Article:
Through the ULI Center for Leadership mini-Technical Assistance Panel (mTAP) program, Todd Addison, Jacoby Development; Michael Howell, Lincoln Property Group; Bill Mealor, Patterson Real Estate Advisory Group; Jake Von Trapp, Columbia Residential and Christina Byrnes, tvsdesign; came together to serve Pedestrians Educating Drivers on Safety (PEDS) by offering professional guidance and recommendations on specific issues identified by PEDS.
PEDS advocates for changes to the sidewalk ordinances within the City of Atlanta for the benefit of pedestrians and betterment of the communities. Presently, the taxpayers within the City of Atlanta have to shoulder the burden of city sidewalk maintenance and repairs resulting in the long-term disrepair of city sidewalk infrastructure. PEDS believes that the most compelling way to get the Atlanta City Council to consider changing the ordinance is to illustrate how it fosters the inefficient use of capital resulting in an unsafe, disjointed and poorly connected sidewalk infrastructure. The team was charged to define financial waste of the current structure and identify alternate ordinance and enforcement options.
There is a tremendous amount of “waste” involved when taxpayers, instead of the City of Atlanta, are left in charge of sidewalk maintenance and repairs. Forms of waste include legal settlement expenses brought about by accidents on sidewalks that are in disrepair and piecemeal installation by taxpayers as opposed to larger scale installations and a long-term maintenance plan, just to name a few. PEDS requested that the team specifically focus on quantifying the waste of capital that is inherent in the current sidewalk ordinance in hopes that the teams findings will aid their efforts going forward as they continue to advocate for a change to the sidewalk ordinance in the City of Atlanta.
The team began their research with understanding the importance of pedestrian connectivity, including the economic benefits, health benefits, and the environmental benefits of sidewalk connectivity. They then researched the City of Atlanta Ordinance and the national landscape for sidewalk repair and maintenance. Five different peer cities were studied, revealing that most cities put the burden of sidewalk construction, maintenance and repair on property owners and that with internal resources, cities can develop successful programs that share the burden with the property owners.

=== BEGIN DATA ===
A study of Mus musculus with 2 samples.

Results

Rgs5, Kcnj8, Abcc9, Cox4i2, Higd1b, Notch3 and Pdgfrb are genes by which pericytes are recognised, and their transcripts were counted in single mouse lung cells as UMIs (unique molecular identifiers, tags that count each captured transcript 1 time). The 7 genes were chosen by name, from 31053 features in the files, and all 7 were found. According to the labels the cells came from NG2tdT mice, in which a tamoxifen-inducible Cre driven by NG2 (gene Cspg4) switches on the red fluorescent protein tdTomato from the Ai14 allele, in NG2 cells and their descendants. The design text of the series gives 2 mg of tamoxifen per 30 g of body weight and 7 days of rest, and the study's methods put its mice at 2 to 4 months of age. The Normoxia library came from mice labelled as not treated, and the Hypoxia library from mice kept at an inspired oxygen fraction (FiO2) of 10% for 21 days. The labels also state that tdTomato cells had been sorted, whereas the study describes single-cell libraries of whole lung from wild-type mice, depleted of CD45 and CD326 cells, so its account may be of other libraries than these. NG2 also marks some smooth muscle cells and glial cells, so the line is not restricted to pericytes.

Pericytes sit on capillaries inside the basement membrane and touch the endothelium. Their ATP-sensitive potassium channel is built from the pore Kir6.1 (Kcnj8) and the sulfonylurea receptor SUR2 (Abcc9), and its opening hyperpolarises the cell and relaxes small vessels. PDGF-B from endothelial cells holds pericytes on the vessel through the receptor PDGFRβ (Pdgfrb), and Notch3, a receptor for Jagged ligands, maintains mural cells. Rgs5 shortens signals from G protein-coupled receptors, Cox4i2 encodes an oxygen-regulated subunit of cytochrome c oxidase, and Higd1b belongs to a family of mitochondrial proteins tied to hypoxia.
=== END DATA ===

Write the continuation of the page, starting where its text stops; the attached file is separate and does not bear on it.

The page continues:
The most revealing part of their research was based on their case study analysis of sidewalks in the city. The case studies helped them to examine the cost differential between piecemeal repair and economies of scale and long term causes of sidewalk disrepair. Ultimately, the findings showed that;
- tree roots are the main cause of sidewalk destruction prior to the end of normal useful life of sidewalks
- the lack of retaining wall installation, where slope warrants one, leads to erosion and undermining of sidewalk sub-bases,
- improper compaction of water meter boxes undermine sidewalk foundations, and
- historic sidewalk materials, such as bricks or pavers, allow for greater ability to infiltrate the sub-base.
Using the trends related to the history, age, and demographics of the neighborhoods and the analysis of how the trends correlated to the condition of the sidewalks within the neighborhoods, they then developed a pricing methodology and a financial model by which PEDS can advocate for alternative means of financing mass sidewalk repairs. Analysis of the financial models of each type of sidewalk and the considerations surrounding each sidewalk led us to the conclusion that piecemeal installation of sidewalks is an inefficient use of capital resulting in unsafe, disjointed and poorly connected sidewalk infrastructure. Their recommendations to PEDS included financing alternatives for city-run replacement programs, financing alternatives for property owner replacement programs and other special funding and resources that can be utilized.
“Our mTAP served as ‘ammunition’ for PEDS’ argument that the City of Atlanta sidewalk ordinance should be changed.” says Christina. “After the research and analysis, we shared our research and final conclusions with members of the Atlanta City Council. Our participation in the CFL program helping PEDS made us all aware of the benefit of aiding non-profit organizations through partnering professionals with those in the non-profit sector to achieve common goals. We were grateful to be honored by PEDS with a Golden Shoe Award for our efforts in research.”